Differences of Opinion
Which is best and who is right-- machines or free weight, Olympic
lifts or not, periodization, one set or multiple sets? What's all
the arguing anyway? It's time that we stopped looking for
differences in philosophies and start concentrating on the
similarities of training principles-- because there are many more
similarities than there are differences.
Intensity, Overload, and Progression The goals have always been the same-- train to stay healthy, get
stronger, and perform more effectively on the field. All these can
be met and have been met over the years, using machines and free
weights, doing one set and multiple sets, and doing a variety of
exercises. In fact, there are numerous variables in strength
training (sets, reps, equipment, exercises, and others). The
factors, however, that are not debatable are components that must be
satisfied for a strength program to be successful:
- There must be intensity.
- There must be overload.
- There must be progression.
That's it. Nothing else. If your program doesn't have these
elements, there is no philosophy, no equipment, no methodology, and
no supplement will make the program effective. The flip side, of
course, is that if your program implements progression, overload,
and intensity, you will get good results. Don't blame the equipment
and don't blame the fact that an exercise is absent. Remember, the
same workout given to 10 people will get 10 different results. You
must work hard for every rep, every set, and do it every day you
Follow These Guidelines -
When designing a program, ask the following questions:
- Is the program safe?
- Is it effective?
- Is it efficient?
- Is it practical?
- Is it purposeful?
- Is it balanced?
If you can't answer "yes" to each of these questions, then exclude
it from your workout. Make your decision objectively and don't lose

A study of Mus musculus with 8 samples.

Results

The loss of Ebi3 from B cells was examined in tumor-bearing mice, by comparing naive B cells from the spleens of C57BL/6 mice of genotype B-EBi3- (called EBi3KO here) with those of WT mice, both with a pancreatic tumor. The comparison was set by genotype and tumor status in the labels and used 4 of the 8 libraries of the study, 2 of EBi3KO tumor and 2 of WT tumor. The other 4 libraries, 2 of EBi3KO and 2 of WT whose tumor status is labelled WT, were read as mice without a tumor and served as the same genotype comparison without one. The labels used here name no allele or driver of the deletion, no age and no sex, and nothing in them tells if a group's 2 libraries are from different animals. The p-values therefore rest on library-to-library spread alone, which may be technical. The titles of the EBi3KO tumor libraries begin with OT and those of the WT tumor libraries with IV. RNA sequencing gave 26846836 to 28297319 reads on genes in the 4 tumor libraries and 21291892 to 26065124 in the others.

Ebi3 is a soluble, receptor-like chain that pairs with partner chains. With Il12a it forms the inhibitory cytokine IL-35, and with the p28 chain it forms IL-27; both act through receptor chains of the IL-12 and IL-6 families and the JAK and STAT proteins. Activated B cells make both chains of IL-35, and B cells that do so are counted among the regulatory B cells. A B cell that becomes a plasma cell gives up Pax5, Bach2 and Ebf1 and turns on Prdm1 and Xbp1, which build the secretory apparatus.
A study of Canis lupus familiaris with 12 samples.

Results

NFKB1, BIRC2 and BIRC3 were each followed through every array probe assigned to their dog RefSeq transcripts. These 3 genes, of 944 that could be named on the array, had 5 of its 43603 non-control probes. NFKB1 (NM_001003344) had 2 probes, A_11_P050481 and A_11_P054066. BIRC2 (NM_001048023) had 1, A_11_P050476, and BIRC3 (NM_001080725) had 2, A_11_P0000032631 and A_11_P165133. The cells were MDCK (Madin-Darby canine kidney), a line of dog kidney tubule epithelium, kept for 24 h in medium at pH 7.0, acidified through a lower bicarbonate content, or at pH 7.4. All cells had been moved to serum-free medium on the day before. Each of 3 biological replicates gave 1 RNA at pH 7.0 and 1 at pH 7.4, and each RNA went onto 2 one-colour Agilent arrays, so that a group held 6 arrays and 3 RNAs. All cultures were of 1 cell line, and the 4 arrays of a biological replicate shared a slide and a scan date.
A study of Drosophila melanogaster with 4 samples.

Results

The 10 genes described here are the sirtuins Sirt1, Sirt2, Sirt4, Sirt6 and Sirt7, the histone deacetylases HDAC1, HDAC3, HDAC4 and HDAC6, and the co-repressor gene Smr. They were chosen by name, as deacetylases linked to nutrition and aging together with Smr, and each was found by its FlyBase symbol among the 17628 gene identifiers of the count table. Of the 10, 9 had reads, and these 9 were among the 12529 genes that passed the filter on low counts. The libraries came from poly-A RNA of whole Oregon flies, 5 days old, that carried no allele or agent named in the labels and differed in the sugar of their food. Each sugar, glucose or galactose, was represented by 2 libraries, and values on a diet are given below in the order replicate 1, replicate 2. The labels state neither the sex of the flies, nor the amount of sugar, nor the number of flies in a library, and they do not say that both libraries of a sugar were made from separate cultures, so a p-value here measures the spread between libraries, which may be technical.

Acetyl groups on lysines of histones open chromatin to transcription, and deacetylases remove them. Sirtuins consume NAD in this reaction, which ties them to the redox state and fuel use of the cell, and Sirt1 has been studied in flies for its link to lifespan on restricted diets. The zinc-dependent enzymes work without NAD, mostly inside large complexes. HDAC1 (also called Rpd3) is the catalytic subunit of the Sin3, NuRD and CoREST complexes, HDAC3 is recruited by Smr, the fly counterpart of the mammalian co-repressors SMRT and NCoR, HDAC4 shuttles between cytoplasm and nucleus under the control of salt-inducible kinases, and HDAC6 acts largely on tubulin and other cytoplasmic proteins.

sight of what we're doing-building strength. In order to do this you
should never feel "comfortable" or "complacent" in a weight room. It
is impossible to reach your strength potential if you train within
your "comfort zone". If it's comfort you want, go some place else.
There are no secrets to success. Choose only productive exercises
that are chosen for their functionality to sports performance, and
not for "cosmetic" purposes. Always do perfect repetitions with
maximum effort, as you should train 'hard but short' and not 'easy
and long'. Remember, as the intensity of your workout increases, the
duration and frequency of the workouts should decrease. Make sure to
adjust your workout accordingly.
Above all, be aggressive during your training sessions. Don't fall
in love with rep schemes or particular exercises, and make sure to
add variety in your programs when adaptation occurs. If you must,
add weight, add reps, and intensify sets, but don't ever, I mean
never, be complacent in the weight room.
Keep it Simple and Safe In summary, there are no gimmicks to successful strength training,
just hard work. Keep it simple and safe, that's what I say. In
addition, plan all your workouts and be accountable to every
training session. Make sure to sleep and eat enough to enhance your
growth and strength progress. And finally, have fun and enjoy your
workouts and appreciate the opportunity that you have to train hard
and to challenge yourself.
That's something both sides can agree on.